It’s a question that every retail bank in the UK worries about: how satisfied are our customers? It’s one that has recently been answered by the UK Institute of Customer Service (ICS) in its bi-annual Customer Satisfaction Index. The July – December 2016 report found that banks and building societies have improved their overall level of customer satisfaction compared with the previous two reports, with an overall score of 79.5 points (out of a maximum of 100). Hats off to Nationwide and First Direct, which both appeared in the ‘top ten list of organisations for customer satisfaction’.
This ‘state of the nation’ report surveys a representative sample of 10,000 customers in the UK to glean insight into how 13 key industries compare to one another for customer satisfaction, based on factors, such as the speed of their complaints handling. It’s good news for the financial services industry as customers are happier with the service offered by their banks than their insurance, utility and telcos providers.
When considering the last decade in banking – from the lows of the financial crash, to the highs of digital transformation – it’s encouraging to see that customer satisfaction levels are relatively high (for the time being). But customer service is just one part of the picture when it comes to customers forming perceptions of their banks. How can banks improve their relationship with customers – and ultimately increase loyalty?
Becoming a bigger part of customers’ lives
Frequency of interaction is high in banking; the British Business Association reported that customers logged on to their banking apps 11 million times in 2015. There is huge potential for banks to capitalise on this and move from being a functional service to a meaningful part of a consumer’s life.
Research also shows that customers who interact more frequently via multiple channels, and buy additional products or services from their bank, are more engaged and less likely to switch providers. While frequency of interaction is important, so too is quality. Providing a service outside of a bank’s traditional remit – such as credit score improvement service and fitness offers – helps a bank to become intrinsic to a person’s life and extend their influence to become a valued, integral part of their customers’ lives.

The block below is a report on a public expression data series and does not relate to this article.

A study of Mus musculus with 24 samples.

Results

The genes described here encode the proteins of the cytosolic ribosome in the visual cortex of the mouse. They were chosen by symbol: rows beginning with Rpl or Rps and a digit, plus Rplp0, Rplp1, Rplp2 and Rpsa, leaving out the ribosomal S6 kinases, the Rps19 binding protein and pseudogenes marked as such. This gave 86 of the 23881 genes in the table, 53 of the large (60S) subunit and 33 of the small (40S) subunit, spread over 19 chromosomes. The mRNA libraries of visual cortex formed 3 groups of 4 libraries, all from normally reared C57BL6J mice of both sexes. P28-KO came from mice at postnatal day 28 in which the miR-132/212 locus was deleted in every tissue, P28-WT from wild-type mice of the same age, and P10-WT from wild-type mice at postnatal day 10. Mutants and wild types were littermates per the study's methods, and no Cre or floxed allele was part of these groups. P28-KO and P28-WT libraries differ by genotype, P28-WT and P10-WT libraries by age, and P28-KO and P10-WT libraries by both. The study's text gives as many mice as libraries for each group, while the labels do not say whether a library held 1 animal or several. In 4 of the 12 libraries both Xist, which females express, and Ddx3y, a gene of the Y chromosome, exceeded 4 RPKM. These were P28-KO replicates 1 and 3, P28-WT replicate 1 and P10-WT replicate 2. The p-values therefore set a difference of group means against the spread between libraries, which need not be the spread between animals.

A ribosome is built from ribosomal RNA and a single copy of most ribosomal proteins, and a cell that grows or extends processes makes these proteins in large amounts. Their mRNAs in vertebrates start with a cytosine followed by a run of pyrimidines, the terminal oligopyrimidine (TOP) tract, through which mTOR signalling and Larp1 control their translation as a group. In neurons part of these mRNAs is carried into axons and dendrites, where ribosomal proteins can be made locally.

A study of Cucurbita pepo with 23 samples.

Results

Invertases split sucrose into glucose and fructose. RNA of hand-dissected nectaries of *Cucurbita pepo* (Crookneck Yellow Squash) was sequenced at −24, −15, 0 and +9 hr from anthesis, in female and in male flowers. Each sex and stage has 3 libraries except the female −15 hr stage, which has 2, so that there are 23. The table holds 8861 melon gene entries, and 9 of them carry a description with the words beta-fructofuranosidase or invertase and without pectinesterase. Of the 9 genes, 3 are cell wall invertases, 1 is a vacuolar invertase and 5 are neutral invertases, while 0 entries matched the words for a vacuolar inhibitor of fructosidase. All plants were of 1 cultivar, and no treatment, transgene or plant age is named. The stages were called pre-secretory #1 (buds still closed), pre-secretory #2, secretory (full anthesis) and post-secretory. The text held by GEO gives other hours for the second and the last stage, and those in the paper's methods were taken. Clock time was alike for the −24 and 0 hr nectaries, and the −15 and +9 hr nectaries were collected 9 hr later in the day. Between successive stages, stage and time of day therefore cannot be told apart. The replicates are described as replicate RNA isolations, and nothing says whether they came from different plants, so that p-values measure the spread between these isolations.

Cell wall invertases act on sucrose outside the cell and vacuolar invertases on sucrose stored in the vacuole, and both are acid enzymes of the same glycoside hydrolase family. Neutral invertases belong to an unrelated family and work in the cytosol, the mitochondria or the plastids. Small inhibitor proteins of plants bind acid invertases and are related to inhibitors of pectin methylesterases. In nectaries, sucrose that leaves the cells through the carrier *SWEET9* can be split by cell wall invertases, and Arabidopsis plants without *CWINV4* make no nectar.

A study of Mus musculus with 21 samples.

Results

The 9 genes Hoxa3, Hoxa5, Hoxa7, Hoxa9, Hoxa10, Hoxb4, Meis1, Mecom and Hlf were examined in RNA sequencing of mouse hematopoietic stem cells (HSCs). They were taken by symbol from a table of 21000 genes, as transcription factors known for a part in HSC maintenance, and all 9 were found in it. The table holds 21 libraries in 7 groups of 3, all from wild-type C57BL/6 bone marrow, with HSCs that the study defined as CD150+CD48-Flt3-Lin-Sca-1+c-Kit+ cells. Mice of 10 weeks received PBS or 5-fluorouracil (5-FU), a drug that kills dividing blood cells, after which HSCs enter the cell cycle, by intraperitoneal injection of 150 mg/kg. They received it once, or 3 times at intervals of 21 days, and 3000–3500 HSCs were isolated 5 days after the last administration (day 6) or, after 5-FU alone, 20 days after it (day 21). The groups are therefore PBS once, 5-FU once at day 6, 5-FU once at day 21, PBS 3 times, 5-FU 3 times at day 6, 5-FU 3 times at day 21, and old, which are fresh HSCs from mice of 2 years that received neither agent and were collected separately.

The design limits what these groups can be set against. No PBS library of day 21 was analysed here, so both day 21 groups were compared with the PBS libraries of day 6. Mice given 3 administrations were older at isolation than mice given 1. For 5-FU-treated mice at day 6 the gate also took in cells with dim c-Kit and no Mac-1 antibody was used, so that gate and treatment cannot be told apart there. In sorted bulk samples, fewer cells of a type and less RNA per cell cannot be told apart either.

The power of the customer marketer
With so much choice available, and switching banks now relatively hassle-free, customers have the freedom to pick and choose between providers, accounts and services. This increased competition is making it more challenging than ever for banks to keep their customers loyal. But before reaching the point of loyalty, banks must first build a relationship with their customers founded on satisfaction and trust. This, in turn, will lead to deeper engagement which brings with it many benefits; engaged customers are more likely to stay with a brand, spend more and recommend to family and friends. And banks shouldn’t underestimate the power of peer group and family recommendations when it comes to deciding where to bank. Money matters are extremely sensitive and personal so it makes sense that consumers look to their closest relationships for advice.
Brand advocacy is not something that any marketing department can buy, but is the most significant in terms of customer value because it can only come from a customer who is completely immersed in the relationship. I believe if banks can become a larger part of their customers’ lives, supporting them not just with financial affairs but other areas of their lives, this will lead to enhanced engagement.
Why should customer engagement matter for banks?
Customer engagement should matter as engaged customers are more likely to stay with a brand for longer, spend more and recommend to family and friends. This means that financial services providers must nurture relationships with their existing customer base, and look to extend their influence in their customers’ lives to build engagement. This is what ultimately drives business growth so should be a key driver in any business’ marketing strategy.
The ICS report showed promising signs of improving customer satisfaction levels in an industry haunted by the recession and high-profile data hacking scandals. Customer service is, of course, crucial to keeping customers happy, but, more than this, banks that engage with their customers, and nurture their relationships to the point of advocacy, are more likely to achieve long-term loyalty.